Covid-19 caregiving

Caregiving during COVID-19

On the internet, on the radio and the television, you can find constant updates and news about the Corona virus or COVID-19.  This brief blog is to summarize a few basics that caregivers should know about caregiving during COVID-19 to be safe and prepared at home.

The symptoms

From the website of the Centers for Disease Control

According to the Centers for Disease Control, “the following symptoms may appear 2-14 days after exposure:

  • High Fever
  • Cough
  • Shortness of breath.”

The CDC recommends that you call your doctor if you notice these symptoms.

Symptoms May Worsen

However, at any time, for elderly and vulnerable patients in particular, the symptoms may worsen.

“Emergency warning signs include:

  • Difficulty breathing or shortness of breath
  • Persistent pain or pressure in the chest
  • New confusion or inability to arouse
  • Bluish lips or face.”

If you notice these symptoms, call 911.  Tell the dispatch personnel that the patient is suspected to have, has been tested for, or has a laboratory-confirmed case of COVID-19.

Practice “Social Distancing”

Healthy caregivers and well, but vulnerable patients should practice “social distancing”, according to experts.  Social distancing means that healthy persons should keep away from people who may possibly have been exposed or may be already ill with COVID-19.  This means limiting visitors and limiting going out of the house to places where you might encounter a sick person.  Stay home unless travel is necessary.  It means staying at least six feet from people in public, and even avoiding kissing, hugging, and bodily contact with family and friends at this time.

When caregiving during COVID-19 , you may need to ask for help from healthy family members or friends to get groceries or pick up prescriptions instead of making the trip yourselves. Or, you may be able to arrange for delivery of pharmacy or  supermarket items to your home. Keep in contact with others by phone, email, or texts, rather than in person as much as possible.

You may also be interested in our article Caregiving Help.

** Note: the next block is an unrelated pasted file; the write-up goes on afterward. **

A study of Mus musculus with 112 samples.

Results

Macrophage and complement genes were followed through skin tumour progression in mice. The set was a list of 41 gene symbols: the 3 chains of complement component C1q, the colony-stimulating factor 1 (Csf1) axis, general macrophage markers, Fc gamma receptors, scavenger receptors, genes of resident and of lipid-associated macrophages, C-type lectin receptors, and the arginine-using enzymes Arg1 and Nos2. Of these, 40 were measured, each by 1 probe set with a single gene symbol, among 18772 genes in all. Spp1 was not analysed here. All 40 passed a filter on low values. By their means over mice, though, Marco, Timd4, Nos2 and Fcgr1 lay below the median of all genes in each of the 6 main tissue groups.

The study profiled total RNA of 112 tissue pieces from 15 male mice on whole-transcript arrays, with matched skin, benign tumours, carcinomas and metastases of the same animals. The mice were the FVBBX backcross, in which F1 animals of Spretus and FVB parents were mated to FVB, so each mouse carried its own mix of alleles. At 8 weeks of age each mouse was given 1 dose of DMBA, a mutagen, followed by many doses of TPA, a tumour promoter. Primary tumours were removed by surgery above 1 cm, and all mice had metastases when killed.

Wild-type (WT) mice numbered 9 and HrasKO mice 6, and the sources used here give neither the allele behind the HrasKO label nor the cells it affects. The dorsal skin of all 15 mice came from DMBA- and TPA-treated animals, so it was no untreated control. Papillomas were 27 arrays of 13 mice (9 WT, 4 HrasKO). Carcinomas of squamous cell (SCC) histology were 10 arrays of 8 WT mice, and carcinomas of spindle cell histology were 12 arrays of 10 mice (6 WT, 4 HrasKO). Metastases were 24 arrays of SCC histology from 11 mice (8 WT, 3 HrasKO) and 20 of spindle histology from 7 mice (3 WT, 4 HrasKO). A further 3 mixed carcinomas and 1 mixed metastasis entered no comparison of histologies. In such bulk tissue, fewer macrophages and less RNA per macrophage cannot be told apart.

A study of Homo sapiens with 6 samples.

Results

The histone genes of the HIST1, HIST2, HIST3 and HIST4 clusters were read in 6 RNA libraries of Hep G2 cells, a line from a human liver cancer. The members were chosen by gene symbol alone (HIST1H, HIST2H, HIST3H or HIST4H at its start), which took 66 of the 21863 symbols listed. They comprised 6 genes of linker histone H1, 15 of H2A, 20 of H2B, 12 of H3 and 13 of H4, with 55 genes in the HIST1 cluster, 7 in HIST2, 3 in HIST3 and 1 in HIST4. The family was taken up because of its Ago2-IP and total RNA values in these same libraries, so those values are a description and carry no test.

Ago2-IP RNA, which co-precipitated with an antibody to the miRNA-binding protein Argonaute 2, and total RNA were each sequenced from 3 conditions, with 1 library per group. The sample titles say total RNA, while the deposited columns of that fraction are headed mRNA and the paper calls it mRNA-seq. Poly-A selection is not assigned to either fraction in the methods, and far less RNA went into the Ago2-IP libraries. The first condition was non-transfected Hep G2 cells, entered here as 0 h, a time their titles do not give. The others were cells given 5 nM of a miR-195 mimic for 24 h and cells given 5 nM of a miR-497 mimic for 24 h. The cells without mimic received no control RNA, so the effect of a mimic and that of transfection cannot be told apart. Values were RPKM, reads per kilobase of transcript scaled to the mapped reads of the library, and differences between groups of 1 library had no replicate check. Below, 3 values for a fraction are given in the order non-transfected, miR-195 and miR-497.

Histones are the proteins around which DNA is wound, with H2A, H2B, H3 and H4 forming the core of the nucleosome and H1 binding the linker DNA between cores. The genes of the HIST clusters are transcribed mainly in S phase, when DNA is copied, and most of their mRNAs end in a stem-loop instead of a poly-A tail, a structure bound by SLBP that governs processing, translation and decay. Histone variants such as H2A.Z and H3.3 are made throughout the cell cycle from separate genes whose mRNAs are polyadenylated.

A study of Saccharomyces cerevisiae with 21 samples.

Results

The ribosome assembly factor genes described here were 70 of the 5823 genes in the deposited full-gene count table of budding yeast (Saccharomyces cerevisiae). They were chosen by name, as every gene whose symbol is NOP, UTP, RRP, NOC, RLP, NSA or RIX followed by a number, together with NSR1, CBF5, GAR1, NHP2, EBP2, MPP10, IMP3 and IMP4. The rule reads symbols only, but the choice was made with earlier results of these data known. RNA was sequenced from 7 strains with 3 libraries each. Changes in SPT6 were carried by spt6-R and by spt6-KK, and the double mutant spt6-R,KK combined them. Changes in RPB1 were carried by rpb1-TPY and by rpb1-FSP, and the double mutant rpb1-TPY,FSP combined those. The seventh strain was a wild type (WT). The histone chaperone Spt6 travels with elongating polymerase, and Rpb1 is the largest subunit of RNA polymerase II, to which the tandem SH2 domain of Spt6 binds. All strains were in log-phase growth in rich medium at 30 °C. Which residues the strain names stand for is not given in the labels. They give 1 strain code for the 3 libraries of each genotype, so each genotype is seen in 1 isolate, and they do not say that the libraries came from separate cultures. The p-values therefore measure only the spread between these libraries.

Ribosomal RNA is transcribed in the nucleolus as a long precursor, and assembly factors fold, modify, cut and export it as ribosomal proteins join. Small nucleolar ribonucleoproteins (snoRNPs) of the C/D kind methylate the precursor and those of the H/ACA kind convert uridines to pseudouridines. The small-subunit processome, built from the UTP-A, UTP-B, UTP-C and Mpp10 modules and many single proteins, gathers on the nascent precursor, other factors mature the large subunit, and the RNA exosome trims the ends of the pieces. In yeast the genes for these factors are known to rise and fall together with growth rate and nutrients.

Step up Hygiene Practices

Disinfect surfaces, especially ones which are often touched by you or the patient.  Wash laundry in hot water or as warm as the fabrics will allow.  Scrub your hands clean frequently.  Also, clean again before and after doing personal care for yourself and the person, such as washing the face, bathing the patient, touching the patient for any purpose. Dispose of tissues, napkins, and disposable underwear in a garbage bag and wash your hands after touching the garbage bag.  Wearing gloves when dealing with bodily fluids, respiratory mucus, or blood is reasonable at any time, but especially in these times. Wash hands after touching pets also.

What if the Caregiver gets Sick?

The biggest worry of caregivers is “What will happen if I get sick and cannot care for my loved one?”   Most people who are mildly ill with the virus are able to isolate at home while they are sick. Talk to your doctor about your caregiving responsibilities and see if there are alternatives to staying at home with the patient in the same home.

The patient will also have to be evaluated for the illness if you are sick. Perhaps both of you can stay at home while home healthcare workers check on you.  Perhaps your loved one can be cared for in a facility while you are unable to care for her/him.   Mildly ill people must self-isolate except for medical care appointments, but, for elders with serious cases and complex medical histories, hospital care could be necessary.

Here’s where you can get up-to-date,  reliable,  information about COVID-19.

You should also contact your local city, county or state health department, and of course, your own doctor. hopes that you and your loved ones can be safe and healthy at home when caregiving during Covid-19.